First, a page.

The National Pork Producers Council's comprehensive questionnaire documents producer concerns.
Arecent survey of pork producers, conducted to identify environmental concerns, has revealed that some don't understand key issues.
The National Pork Producers Council (NPPC) contracted with Validus Services, LLC, which collected the thoughts of 183 Strategic Investment Partners (SIP) on 35 questions posed in January and February of 2008.
The majority of producers responding to the survey were owners (74%), contract feeders (11%) and environmental managers (7%), according to Michael Formica, environmental policy counsel.
These respondents represented mostly farrow-to-finish operations (48%), wean-to-finish systems (26%) and farrow-to-wean operations (11%).
Getting Ready for CAFO
When asked how prepared they are to comply with the CAFO (confined animal feeding operations) rule, a large percentage of producers are willing to comply, but many don't understand the rule. That rule is targeted for publication in the Federal Register in August, Formica explained in a World Pork Expo talk.
In the NPPC survey, 34% indicated they didn't understand the CAFO rule, and 75% suggested that NPPC explain the CAFO rule, while more than 75% requested an explanation of the Ag Stormwater Exemption, which governs discharges from CAFOs.
Close to 70% also requested more information on strategies for phosphorus reduction in manure and an explanation of how to calculate manure value.
The top five environmental issues identified in order of importance were water quality, air quality, antibiotics, respiratory issues and greenhouse gases.
Respondents identified five elements that the industry should focus on to improve environmental performance: practice better location selection, eliminate manure spills, manage old lagoons, control the odor of spreading manure and improve mortality disposal.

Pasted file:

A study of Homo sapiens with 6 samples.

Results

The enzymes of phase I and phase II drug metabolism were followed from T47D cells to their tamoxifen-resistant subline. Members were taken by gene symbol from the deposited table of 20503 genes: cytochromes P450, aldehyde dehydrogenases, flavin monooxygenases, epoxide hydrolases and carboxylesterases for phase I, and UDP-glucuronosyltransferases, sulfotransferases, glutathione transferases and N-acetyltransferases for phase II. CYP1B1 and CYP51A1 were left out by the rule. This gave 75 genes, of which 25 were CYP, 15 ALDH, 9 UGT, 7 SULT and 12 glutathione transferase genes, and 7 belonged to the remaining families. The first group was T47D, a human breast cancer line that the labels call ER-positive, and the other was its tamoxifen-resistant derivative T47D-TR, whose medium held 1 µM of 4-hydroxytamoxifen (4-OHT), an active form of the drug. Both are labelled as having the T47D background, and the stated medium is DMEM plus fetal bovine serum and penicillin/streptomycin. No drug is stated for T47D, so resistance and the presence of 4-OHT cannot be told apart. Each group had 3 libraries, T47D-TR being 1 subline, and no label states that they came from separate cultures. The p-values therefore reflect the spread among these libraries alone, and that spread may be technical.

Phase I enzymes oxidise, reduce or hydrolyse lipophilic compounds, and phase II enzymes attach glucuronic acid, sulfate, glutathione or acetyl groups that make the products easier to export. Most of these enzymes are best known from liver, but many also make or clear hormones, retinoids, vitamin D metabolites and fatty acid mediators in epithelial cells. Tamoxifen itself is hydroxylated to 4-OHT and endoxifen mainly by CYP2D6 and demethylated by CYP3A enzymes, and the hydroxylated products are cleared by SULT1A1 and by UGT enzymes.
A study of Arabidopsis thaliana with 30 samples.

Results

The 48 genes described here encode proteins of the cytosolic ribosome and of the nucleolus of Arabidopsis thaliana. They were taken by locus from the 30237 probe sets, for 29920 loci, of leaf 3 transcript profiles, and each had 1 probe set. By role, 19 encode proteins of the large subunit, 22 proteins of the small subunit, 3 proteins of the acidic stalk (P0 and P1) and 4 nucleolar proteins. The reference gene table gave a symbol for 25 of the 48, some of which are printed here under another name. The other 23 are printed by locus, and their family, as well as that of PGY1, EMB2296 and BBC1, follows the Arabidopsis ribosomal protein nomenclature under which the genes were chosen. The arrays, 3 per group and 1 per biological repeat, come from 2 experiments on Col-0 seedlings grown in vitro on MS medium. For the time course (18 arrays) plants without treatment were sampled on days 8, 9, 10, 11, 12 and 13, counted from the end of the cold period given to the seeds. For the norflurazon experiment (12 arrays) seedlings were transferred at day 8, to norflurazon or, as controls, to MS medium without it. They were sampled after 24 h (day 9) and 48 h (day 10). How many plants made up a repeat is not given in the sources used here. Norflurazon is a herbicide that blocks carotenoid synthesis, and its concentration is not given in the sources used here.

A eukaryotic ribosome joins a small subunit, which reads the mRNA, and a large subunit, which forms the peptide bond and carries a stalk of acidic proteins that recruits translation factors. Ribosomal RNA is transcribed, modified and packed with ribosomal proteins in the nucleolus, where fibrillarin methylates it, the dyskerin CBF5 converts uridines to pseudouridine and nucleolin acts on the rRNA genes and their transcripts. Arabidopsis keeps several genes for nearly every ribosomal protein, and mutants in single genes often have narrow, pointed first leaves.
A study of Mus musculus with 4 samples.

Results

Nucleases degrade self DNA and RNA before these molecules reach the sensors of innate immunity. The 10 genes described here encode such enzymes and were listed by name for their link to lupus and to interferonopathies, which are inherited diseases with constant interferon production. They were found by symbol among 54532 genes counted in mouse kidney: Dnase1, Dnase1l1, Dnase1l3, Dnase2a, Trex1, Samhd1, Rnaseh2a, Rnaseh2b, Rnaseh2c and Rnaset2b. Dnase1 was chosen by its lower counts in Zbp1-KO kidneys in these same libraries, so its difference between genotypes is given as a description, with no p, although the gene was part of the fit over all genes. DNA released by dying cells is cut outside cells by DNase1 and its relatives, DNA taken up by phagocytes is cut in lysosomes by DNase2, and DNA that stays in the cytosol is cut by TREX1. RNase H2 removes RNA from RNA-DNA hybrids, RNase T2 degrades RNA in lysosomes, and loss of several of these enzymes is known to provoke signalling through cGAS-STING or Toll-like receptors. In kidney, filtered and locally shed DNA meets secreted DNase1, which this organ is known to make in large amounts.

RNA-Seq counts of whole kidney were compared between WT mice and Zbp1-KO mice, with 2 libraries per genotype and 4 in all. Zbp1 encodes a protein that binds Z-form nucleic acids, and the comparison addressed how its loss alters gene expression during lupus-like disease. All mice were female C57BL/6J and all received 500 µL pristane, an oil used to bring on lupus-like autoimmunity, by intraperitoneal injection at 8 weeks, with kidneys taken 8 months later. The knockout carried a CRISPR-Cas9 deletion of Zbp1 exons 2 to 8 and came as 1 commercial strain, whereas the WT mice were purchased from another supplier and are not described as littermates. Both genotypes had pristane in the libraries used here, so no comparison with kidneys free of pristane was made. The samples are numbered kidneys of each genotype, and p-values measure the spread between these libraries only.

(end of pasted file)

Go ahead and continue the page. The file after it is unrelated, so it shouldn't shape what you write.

Producers said animal housing presented the most financially challenging issue for odor control and manure application, followed by under-building pits.
On serious issues affecting pork production today, about 81% rated animal welfare the top priority, followed closely by food safety, the environment and concerns about public health. Worker care and on-farm security rounded out the major concerns.
Environmental issues that neighbors actually complain about vs. what producers view as the public's perception of concerning issues are a point of contention. Generally there is a disconnect between issues raised by the local community vs. concerns expressed by the media. Neighbor complaints are largely about hog odors, while television or newspaper reports raise concerns about discharges of manure and chemicals into waters.
That same theme of neighbors' complaints vs. producer views of public concerns shows that on issues of erosion, dust, runoff and water shortages, neighbor complaints make up a very small percentage vs. producers' views of what the public perceives to be an issue.
Dealing with EQIP
Thirty-five percent of those surveyed said they have an EQIP (Environmental Quality Incentives Program) contract to improve the environment on their farms. But 3% said they never heard of EQIP, 16% said they never considered applying for EQIP funds and 6% said they wanted to stay away from government programs.
Additionally, 14% indicated they had not participated in the program; 1% said they were discouraged from participation by local Natural Resources Conservation Services personnel; and 10% said that bureaucracy discouraged them from applying for funding.
Formica says during 2003-2005, livestock received about 60% of all EQIP dollars. Of that 60%, beef practices garnered 66% of those funds, while swine operations cashed in on only 3% of funds. The hope is to greatly expand available funds for pork producers.
Formica says the survey was conducted to identify public policy areas requiring renewed producer outreach.
Overall, producers directed NPPC to work harder at refuting misconceptions about industry practices.
In 2009, the Environmental Protection Agency is expected to review two years of research data collected on a cross-section of CAFO farms to develop on-farm air emission standards.